From: Christopher Dimech
Subject: Re: Auto Fill Comments
Date: Fri, 27 Nov 2020 20:39:46 +0100

> Sent: Friday, November 27, 2020 at 8:03 PM
> From: "Arthur Miller" <>
> To: "Christopher Dimech" <>
> Cc:
> Subject: Re: Auto Fill Comments
> Christopher Dimech <> writes:
> > My experience has been that as I got to do more things in emacs lisp,
> > the understanding needed quickly exceeded my rate of learning.
> > One can get to sophisticated constructs, even when trying to do
> > relatively simple things.  You never know where your original
> > plan could get you. Many times the importance of a work is not
> > measured by its consequences (i.e. by the final command).
> That is probably because you try to do more difficult things then
> before.
> I have been using Emacs for like almost 20 years, and was enough with
> setq-ing few variables, and wrapping ocassional few lines in a defun to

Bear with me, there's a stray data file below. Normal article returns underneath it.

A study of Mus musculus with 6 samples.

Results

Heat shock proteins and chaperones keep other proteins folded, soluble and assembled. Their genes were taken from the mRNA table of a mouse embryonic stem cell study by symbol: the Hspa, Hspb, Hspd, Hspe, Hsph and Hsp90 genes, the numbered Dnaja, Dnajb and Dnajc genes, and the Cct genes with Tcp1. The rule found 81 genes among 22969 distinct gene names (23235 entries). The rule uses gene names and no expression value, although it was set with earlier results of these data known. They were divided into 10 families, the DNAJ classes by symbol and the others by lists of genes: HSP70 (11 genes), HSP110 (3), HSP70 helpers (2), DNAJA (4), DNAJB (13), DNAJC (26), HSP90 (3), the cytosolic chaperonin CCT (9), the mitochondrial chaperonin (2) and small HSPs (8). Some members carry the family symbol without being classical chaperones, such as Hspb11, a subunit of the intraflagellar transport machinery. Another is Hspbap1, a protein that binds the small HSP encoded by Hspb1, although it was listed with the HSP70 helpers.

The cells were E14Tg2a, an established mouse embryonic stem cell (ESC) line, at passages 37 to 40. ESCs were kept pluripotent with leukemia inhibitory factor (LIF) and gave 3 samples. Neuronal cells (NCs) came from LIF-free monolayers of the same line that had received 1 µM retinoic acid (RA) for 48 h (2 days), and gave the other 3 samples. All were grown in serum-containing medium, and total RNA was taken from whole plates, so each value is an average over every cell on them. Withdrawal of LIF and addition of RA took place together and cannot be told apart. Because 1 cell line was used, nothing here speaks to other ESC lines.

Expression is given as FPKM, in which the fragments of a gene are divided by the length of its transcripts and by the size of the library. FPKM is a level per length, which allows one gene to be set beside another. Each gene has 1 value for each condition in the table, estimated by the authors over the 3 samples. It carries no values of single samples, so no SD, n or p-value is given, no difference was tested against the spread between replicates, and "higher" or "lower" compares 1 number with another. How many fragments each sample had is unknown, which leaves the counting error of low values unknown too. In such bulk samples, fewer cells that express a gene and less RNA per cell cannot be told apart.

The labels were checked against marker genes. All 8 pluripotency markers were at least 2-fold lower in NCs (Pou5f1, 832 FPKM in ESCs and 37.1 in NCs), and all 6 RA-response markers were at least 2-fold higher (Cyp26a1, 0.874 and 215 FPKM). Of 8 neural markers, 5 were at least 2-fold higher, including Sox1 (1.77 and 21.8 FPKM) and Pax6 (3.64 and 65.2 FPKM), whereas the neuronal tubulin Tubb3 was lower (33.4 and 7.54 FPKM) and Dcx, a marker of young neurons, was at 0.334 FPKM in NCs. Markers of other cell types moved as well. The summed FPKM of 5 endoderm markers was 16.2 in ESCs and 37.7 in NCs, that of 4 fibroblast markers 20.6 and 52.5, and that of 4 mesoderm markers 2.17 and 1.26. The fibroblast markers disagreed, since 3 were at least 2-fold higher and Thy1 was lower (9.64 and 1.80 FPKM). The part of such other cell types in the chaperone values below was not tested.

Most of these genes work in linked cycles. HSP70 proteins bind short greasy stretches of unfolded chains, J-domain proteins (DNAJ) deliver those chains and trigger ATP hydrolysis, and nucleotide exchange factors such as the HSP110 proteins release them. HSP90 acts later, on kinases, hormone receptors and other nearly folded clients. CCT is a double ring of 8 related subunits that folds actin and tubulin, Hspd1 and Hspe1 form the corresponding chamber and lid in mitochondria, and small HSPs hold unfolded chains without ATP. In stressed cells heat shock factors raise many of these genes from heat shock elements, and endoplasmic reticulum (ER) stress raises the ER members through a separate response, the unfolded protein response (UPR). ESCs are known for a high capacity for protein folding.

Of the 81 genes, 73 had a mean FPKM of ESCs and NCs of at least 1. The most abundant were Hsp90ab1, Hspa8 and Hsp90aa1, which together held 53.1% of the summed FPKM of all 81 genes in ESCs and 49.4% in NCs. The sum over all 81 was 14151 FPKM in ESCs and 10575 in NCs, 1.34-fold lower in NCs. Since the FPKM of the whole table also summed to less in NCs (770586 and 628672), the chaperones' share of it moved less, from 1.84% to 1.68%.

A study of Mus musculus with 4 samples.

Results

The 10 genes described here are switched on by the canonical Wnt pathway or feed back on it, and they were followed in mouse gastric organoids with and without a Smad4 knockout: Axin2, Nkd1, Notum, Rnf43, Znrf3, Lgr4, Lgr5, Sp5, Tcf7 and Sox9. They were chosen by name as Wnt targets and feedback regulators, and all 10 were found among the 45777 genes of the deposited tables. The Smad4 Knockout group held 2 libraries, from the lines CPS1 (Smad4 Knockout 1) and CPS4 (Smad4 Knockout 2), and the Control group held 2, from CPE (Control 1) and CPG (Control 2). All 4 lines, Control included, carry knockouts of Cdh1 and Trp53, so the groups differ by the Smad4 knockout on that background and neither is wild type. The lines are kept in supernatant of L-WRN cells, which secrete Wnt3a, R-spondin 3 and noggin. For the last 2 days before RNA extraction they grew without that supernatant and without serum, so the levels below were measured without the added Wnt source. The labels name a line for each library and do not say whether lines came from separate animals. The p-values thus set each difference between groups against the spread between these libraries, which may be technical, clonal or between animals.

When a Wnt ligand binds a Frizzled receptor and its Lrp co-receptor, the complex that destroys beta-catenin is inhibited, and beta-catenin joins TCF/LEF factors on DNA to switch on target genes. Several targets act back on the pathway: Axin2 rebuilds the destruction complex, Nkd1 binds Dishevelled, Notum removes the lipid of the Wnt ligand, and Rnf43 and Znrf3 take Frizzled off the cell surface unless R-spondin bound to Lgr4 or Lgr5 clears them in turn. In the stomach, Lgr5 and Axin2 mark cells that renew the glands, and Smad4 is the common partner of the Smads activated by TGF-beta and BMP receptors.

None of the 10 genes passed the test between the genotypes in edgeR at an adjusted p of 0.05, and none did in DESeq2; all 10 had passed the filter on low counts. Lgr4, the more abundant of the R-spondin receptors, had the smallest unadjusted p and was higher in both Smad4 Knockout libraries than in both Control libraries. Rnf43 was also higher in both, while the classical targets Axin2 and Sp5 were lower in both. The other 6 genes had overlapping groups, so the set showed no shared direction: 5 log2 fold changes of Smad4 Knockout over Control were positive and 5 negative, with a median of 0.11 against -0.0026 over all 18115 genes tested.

> put it on a hook.

I used to argue that code must be adequately commented.  Later on I realised
that adequacy is determined by the skill of the reader.  Currently I advocate
that code comments are to give an overview of the code to help you reduce
the downtime required to work on the code after a time of inactivity.

Documentation, however, is to be structured according to different levels
of sophistication.  But I understand it could be a lot of work to complete.
Was not my intention to deride anyone. but to describe how it is.  Documentation
is always better than no documentation.  And everyone does as one can.

> Then when I tried to do something more advanced, I realized I was
> hitting a wall and that my knowledge was too lacking; I didn't even know
> how to read and parse a file with Elisp one year ago; and I wrote a toy
> compiler 20 years ago.
> I never needed to learn Lisp, and I knew there are probably lots of
> idiomatic things I need to before I can do anything interesting with
> it.
> It is just to accept what we don't know; and I realized I would
> need a time to learn it. Thinking that one can just look up all relevant
> things in instant is a misstake. Becomming fluent with ani API and
> programming language takes time. Lisp, PHP and TCL are ones that I found
> easiest to learn, yet it takes lot of time to learn all the APIs, how
> they are used, all the fine details etc.